Rubio Will Not Have 'Exit Strategy' to Keep Senate Seat if He Runs for President
Sen. Marco Rubio (R-Fla.) headed up to early primary state New Hampshire on Friday for the first time in two years, fundraising for Republicans there and heightening speculation that he's gearing up for a presidential run.
Rubio told ABC that if he makes the leap for a White House run, he won't have a fallback plan to stay in the Senate.
"I've openly said in the past that it's something I will consider at the end of this year, that I'll look at a number of factors, personal factors, but also whether I could best promote this message and actually put in place these ideas that I want to see put in place, whether I could best do that from the presidency as opposed to the Senate," he said.
"If I decide to run for president, I will not have some sort of exit strategy to run -- to run for the Senate. I believe that if you want to be president of the United States, you run for president. You don't run for president with some eject button in the cockpit that -- that -- that allows you to go on an exit ramp if it doesn't work out."
When asked if he thinks he's ready to be president, the senator said, "I do."
"But I think that's true for multiple other people that would want to run. I mean I'll be 43 this month, but -- but the other thing that perhaps people don't realize, I've served now in public office for the better part of 14 years," Rubio said. "And most importantly, I think a president has to have a clear vision of where the country needs to go and clear ideas about how to get it there. And -- and I think we're very blessed in our party to have a number of people that fit that criteria."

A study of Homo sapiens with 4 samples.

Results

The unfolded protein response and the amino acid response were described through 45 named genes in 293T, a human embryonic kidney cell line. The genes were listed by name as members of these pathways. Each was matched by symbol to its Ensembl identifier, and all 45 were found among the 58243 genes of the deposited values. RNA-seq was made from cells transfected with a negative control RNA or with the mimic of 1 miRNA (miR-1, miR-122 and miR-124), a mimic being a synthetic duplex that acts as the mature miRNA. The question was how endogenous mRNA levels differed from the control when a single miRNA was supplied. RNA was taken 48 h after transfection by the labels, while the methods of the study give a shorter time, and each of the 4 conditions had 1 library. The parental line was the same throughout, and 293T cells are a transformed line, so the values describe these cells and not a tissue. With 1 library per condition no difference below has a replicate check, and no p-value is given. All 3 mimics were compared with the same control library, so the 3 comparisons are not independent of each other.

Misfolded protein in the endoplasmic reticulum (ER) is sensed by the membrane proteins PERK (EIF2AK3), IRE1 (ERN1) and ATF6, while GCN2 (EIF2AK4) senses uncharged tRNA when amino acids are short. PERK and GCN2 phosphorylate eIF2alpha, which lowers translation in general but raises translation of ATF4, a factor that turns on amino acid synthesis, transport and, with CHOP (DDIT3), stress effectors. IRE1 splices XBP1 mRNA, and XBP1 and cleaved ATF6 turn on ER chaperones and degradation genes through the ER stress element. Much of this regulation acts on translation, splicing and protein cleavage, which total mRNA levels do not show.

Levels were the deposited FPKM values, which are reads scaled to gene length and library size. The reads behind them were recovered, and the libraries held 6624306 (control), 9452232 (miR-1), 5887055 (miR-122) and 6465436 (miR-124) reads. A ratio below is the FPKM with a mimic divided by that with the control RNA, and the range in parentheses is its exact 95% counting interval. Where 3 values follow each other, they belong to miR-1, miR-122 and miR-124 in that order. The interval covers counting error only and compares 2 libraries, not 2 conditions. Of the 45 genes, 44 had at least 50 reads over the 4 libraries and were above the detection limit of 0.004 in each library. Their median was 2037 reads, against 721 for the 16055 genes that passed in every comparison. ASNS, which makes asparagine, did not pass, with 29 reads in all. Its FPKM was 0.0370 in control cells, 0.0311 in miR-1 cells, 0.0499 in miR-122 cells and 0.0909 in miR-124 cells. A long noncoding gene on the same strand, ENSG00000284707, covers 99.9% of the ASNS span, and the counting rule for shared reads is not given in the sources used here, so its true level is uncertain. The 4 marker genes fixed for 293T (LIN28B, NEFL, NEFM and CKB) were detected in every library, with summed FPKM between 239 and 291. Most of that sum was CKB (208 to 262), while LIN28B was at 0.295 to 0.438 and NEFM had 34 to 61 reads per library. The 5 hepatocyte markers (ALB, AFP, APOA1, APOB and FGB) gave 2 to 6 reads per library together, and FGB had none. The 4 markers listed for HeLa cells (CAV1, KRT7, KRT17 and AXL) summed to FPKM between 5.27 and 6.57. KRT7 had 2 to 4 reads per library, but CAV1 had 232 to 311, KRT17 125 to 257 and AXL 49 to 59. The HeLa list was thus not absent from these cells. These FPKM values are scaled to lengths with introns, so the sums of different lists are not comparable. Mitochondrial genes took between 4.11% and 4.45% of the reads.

"And the question is what -- whose vision is the one that our party wants to follow?"
Rubio said he doesn't "really pay a lot of attention" to polls that show his luster has faded with the right.
"If you decide to run for president, there's going to be a campaign and in that campaign, you're going to interact with voters and you're going to explain to them where you stand and those numbers can change one way or the other," he said.
Rubio was part of the Senate group of eight that arrived at an immigration compromise that hasn't been taken up in the House. "We're not going to grant blanket amnesty to 12 million people. We're also not going to round up and deport 12 million people. So that issue has to be dealt with in a reasonable but responsible way," he said.
On Hillary Clinton, he noted, "I'm sure she's going to go around bragging about her time in the State Department. She's also going to have to be held accountable for its failures, whether it's the failed reset with Russia, or the failure in Benghazi that actually cost lives."
"I don't think she has a passing grade," Rubio added. "...If you look at the diplomacy that was pursued in her time in the State Department, it has failed everywhere in the world. So here's what I would say, if she is going to run on her record as secretary of State, she is also going to have to answer for its massive failures."